A ceremonial chariot has been discovered during excavations of a Roman villa just outside the walls of ancient Pompeii.
The four-wheeled vehicle made of wood and iron with decorations in bronze and tin was almost perfectly preserved when the city was buried by the volcanic eruption of Mount Vesuvius in AD79.
It was unearthed in the portico opposite the stable where archaeologists found the remains of three horses, including one still in its harness, in 2018.
Italy's culture ministry described the carriage as "a unique find, without any precedent in Italy".
Massimo Osanna, the outgoing director of the Pompeii archaeological site, said the carriage would have "accompanied festive moments for the community - parades and processions".
"This is an extraordinary discovery that advances our understanding of the ancient world," she added.
Other carriages have been found in Pompeii but they have been functional vehicles used for transport and work rather than ceremonies.
Excavations began at the suburban villa of Civita Giuliana, around 700 metres north of the walls of ancient Pompeii, in 2017.
One aim of the project was to protect the villa from treasure hunters who had dug several tunnels in the area. Two bodies were recovered from the villa at Civita Guiliana in November 2020.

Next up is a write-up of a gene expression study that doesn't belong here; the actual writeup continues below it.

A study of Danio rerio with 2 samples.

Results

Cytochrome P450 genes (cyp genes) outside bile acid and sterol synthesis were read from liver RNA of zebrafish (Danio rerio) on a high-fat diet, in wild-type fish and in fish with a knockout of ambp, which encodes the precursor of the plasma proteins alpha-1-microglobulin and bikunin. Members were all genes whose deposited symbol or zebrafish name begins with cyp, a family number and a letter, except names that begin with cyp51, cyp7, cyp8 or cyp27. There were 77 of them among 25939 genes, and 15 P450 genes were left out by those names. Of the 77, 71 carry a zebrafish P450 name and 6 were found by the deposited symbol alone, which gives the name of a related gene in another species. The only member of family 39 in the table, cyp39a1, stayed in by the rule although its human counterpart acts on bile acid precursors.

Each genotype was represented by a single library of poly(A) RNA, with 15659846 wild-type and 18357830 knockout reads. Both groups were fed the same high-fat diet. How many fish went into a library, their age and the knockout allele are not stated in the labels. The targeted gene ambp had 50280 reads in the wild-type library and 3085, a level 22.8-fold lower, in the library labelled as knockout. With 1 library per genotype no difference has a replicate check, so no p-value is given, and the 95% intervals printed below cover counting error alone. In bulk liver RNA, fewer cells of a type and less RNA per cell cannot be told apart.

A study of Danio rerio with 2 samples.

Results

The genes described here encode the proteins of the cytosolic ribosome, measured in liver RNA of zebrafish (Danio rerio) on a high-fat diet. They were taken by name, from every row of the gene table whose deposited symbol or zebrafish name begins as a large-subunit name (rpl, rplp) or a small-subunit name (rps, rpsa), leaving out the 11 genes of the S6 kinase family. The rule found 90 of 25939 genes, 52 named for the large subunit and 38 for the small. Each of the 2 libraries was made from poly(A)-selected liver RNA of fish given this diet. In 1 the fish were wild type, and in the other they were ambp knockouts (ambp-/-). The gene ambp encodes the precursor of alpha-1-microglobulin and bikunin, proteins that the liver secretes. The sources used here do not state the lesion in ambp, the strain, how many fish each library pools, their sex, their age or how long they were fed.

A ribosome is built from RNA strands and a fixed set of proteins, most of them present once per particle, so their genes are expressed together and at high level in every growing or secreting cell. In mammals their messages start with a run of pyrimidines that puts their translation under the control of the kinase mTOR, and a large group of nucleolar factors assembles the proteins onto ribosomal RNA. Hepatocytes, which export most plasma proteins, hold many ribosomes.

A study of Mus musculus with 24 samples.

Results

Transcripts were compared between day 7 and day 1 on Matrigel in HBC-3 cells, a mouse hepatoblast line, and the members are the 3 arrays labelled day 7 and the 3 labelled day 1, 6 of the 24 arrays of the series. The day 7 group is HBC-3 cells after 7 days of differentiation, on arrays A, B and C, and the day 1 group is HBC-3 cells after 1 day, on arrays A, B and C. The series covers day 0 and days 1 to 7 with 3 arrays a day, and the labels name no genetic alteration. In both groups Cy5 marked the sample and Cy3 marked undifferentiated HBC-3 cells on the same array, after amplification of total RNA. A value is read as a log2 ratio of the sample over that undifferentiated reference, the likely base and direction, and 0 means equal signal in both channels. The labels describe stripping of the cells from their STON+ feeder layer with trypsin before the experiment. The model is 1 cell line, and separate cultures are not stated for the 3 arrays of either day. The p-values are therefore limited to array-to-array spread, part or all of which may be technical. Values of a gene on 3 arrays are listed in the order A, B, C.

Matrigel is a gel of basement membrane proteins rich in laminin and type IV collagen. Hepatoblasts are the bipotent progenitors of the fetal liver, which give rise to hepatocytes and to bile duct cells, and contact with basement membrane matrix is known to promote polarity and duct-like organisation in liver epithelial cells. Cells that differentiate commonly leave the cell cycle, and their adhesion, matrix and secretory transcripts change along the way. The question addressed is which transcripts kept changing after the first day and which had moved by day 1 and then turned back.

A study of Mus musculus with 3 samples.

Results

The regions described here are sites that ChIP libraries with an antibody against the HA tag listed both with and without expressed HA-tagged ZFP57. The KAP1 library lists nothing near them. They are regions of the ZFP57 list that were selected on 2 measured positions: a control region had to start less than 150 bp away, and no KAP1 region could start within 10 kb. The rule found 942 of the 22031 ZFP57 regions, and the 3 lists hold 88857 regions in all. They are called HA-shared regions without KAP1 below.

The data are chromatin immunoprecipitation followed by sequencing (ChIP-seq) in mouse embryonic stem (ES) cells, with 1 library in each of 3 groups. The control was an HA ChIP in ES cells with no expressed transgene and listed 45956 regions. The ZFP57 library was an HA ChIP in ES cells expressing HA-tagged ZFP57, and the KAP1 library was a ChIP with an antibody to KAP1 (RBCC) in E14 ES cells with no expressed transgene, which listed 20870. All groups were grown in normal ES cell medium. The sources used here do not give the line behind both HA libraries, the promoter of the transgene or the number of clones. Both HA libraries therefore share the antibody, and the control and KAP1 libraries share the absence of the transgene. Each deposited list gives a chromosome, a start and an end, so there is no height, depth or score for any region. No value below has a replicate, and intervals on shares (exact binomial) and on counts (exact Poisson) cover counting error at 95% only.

After discovering the chariot, archaeologists seven days a week from mid-January to try to preserve the fragile remains of wood and metal, pouring plaster into voids left by organic matter as it decayed.
The rear of the carriage is embellished with medallions depicting Cupid, the Roman god of love, and erotic scenes involving male and female figures.
"One cannot exclude the possibility that this could have been a chariot used for rituals relating to marriage, for leading the bride to her new household," said Ms Osanna.
About two-thirds of Pompeii have been uncovered since the ruins were discovered in the 16th century. The city was home to around 13,000 people when it was buried under ash, pumice and dust.
"Pompeii continues to amaze us with its discoveries and it will do so for many years, with 20 hectares still to be dug up," said culture minister Dario Franceschini.